President Muhammadu Buhari on Monday said a former military Head of State, Gen. Yakubu Gowon (retd.), directed all the military commanders during the nation’s Civil War to show a lot of restraint while dealing with the Biafran soldiers.
He said they were warned that the soldiers were not fighting enemies but their brothers.
Buhari, a former military officer, disclosed this during his investiture as the Grand Patron of the Nigerian Red Cross Society at the Presidential Villa, Abuja.
He praised Gowon for that decision and described him as a committed Nigerian.
The President also commended the NRCS for bringing succour to victims of the war even in dangerous circumstances, noting that the pathetic pictures of war-ravaged Biafrans were always heart-rending.
He said, “Earlier in my profession, during the civil war, I know how much sacrifice members of the Nigerian Red Cross and their international counterparts did both in the real front of operations and at the rear, on both sides. I think it is a lot of sacrifices because anything can happen to you in the operational areas.
“The risks they faced were real and I admire their courage and commitment to helping people who were in distress and were virtually in millions. Those photographs of people from the Biafran enclave spoke a lot.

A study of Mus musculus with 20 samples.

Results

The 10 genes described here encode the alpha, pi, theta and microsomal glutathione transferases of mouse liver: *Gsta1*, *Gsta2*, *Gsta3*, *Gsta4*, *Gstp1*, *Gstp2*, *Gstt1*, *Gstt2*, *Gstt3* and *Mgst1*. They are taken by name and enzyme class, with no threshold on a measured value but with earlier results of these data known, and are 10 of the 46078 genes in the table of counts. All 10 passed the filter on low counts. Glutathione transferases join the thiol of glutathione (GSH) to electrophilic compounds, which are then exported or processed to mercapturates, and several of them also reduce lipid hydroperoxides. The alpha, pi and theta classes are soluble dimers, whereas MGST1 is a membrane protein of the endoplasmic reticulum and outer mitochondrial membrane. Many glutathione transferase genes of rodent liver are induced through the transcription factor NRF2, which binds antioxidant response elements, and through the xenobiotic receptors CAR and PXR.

“I remember with nostalgia the performance of the Commander-in-Chief, General Gowon. Every commander was given a copy of the Commander-in-Chief’s instructions that we were not fighting enemies but that we were fighting our brothers. And thus, people were constrained to show a lot of restraint.
“The international observer teams were allowed to go as far as possible within and outside the war front and I think this was generous and very considerate of General Gowon. He is a highly committed Nigerian.”
The President promised to help the organisation to secure a permanent office accommodation in Abuja.
Buhari said, “I have taken note of your logistics especially your (request for) office here.
“I assure you that the government will do its best when you decide to build such facilities in terms of securing an area here within the Federal Capital Territory.
“To use the words of a famous Nigerian minister, I hope you will not build an elephantine headquarters which is going to be functional because we have seen your activities throughout the country.”
In his remarks, the National President of the NRCS, Chief Bolaji Anani, said the organisation had over 800,000 trained volunteers based in communities across the 774 local government areas of the federation.
He pleaded with the President to assent to the bill amending the Red Cross Act of 1960, whenever the National Assembly, which is debating it, eventually gave its approval. The Act has not been reviewed since it was passed in 1960.
“A review is long overdue. We note with pleasure that the current National Assembly is in the process of doing that. In fact, the revision has already undergone a public hearing.
“We hope that when the revised bill is passed by the National Assembly, it will be graciously assented to by Mr President,” he said.